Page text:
AUSTIN, Texas — As the challenge to find affordable housing in Austin continues, Austin ISD partnered with Austin Habitat for Humanity to build affordable homes for families in the district, including employees.
The collaboration will provide 30 affordable homes in two developments. One location is off Highway 183 and Loyola Lane, and the other location is off Highway 183 and East 51st Street.
"We have these 30 units with Habitat for Humanity that are being marketed to AISD students' families and staff, which really allows us to keep them here in the City of Austin, keep them employed, and keep them at our schools," said Jeremy Striffler, the director of real estate for AISD.
Striffler said the development is located on land the district previously owned.
"A few years ago, the district identified some excess land that was no longer being utilized and so we, in selling that land, we put in some controls to protect affordability," Striffler said.
AISD owns over 140 properties in the city with over 13 million square feet and more than 2,000 acres of land. Striffler said they are one of the largest landowners in Austin.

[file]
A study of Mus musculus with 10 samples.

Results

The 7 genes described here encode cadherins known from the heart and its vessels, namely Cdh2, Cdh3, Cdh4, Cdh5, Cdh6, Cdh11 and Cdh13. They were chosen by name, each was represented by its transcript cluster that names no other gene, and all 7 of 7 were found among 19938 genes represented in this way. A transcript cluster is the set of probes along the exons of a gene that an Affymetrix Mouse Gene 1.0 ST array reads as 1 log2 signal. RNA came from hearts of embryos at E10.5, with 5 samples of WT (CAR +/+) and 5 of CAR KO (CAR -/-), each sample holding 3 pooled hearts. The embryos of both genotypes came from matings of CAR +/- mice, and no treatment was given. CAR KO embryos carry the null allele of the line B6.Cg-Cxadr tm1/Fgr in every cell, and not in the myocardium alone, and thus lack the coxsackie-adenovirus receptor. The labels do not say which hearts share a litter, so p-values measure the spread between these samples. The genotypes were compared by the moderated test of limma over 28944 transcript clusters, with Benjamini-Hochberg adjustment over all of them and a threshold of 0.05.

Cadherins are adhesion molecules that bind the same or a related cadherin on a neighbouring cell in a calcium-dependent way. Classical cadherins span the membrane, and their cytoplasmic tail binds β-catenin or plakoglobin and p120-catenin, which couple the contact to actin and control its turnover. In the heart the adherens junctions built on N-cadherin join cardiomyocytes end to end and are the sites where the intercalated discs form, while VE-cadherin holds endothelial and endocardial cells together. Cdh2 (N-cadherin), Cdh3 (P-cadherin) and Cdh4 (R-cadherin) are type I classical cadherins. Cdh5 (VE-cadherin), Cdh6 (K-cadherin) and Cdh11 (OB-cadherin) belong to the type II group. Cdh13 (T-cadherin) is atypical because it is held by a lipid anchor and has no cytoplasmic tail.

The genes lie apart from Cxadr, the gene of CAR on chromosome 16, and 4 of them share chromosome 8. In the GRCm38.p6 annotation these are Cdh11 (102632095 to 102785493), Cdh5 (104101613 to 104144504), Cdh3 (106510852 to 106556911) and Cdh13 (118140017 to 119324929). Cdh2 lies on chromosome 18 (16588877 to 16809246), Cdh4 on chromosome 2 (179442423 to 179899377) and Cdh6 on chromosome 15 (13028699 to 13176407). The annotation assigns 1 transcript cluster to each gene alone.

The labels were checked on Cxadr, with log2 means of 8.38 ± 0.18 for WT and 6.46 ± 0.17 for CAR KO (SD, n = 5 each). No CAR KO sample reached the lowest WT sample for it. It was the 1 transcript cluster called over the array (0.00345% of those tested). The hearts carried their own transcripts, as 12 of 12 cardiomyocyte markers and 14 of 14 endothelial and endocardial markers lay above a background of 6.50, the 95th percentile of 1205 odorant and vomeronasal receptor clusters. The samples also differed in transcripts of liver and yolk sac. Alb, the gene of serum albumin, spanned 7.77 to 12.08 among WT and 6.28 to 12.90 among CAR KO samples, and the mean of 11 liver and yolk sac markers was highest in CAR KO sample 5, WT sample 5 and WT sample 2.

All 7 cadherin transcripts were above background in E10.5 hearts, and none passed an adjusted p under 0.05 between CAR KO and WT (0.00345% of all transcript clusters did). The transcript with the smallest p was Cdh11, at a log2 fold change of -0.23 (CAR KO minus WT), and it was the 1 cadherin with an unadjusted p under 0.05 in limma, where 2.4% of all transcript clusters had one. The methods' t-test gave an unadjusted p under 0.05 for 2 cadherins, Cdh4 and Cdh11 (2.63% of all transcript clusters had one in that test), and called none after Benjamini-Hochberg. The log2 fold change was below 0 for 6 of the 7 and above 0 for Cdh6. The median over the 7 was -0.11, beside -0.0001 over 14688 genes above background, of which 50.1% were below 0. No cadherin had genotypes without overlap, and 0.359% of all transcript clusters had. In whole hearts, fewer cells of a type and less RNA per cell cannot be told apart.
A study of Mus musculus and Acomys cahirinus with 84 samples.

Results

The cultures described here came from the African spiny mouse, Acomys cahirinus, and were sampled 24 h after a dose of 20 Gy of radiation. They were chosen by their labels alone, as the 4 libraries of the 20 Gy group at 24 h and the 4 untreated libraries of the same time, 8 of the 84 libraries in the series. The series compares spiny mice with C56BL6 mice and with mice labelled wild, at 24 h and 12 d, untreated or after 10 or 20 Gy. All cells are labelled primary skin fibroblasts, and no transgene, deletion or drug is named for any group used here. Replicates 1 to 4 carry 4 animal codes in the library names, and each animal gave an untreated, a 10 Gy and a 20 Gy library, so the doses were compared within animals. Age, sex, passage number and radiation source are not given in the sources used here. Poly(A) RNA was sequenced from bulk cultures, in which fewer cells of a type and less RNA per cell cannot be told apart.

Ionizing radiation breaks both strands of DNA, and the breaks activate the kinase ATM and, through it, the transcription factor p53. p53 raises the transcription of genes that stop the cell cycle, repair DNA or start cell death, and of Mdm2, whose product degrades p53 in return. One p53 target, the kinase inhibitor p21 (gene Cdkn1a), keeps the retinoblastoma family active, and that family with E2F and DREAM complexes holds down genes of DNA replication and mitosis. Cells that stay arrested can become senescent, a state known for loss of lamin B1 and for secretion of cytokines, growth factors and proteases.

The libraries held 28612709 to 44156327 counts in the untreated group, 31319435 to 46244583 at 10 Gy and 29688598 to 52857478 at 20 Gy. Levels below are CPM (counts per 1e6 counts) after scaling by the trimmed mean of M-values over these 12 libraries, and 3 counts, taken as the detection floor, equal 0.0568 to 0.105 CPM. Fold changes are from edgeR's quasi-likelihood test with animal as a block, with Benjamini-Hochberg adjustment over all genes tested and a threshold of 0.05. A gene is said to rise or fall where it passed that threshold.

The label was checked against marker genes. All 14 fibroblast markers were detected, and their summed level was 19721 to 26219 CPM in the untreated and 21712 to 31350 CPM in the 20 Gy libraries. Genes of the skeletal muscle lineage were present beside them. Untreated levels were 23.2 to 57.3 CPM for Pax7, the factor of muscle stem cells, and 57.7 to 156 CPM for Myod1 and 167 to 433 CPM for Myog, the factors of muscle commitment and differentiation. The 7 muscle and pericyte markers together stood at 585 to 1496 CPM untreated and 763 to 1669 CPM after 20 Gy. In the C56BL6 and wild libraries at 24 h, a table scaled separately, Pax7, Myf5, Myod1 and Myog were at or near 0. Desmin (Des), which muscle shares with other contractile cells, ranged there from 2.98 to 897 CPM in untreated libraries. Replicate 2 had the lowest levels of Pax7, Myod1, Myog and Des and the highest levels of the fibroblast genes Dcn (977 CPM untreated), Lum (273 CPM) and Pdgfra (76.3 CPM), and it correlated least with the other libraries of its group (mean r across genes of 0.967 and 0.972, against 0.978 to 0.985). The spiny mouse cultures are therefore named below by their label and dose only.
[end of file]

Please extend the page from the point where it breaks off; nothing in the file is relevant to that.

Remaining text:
"This is just such a huge opportunity to have to provide affordable housing here in the city of Austin. This is just the start with five properties that we're in the process of repurposing and potentially more in the future," Striffler said.
Greg Anderson, the director of community affairs for Austin Habitat for Humanity, said in the next two months families within the district can begin to apply to move into the homes.
"It's going to be a true mixed-income community in the heart of East Austin and we really don't have enough of these," Anderson said.
With a partnership like the one they have with the district, Anderson said it gets them one step closer to their goal, which is to make people's dream to own a home a reality.
It's a reality that seems impossible for some due to rising costs.
"It's a very hot market and we simply don't have enough housing. So Austin Habitat for Humanity is also deeply engaged in that conversation of trying to legalize responsible land use," Anderson said.
Construction is expected to begin in the summer and families may be able to move in by the end of 2023.
Striffler said the district has five old school facilities they may use for housing, but the district is still working with the community to finalize plans.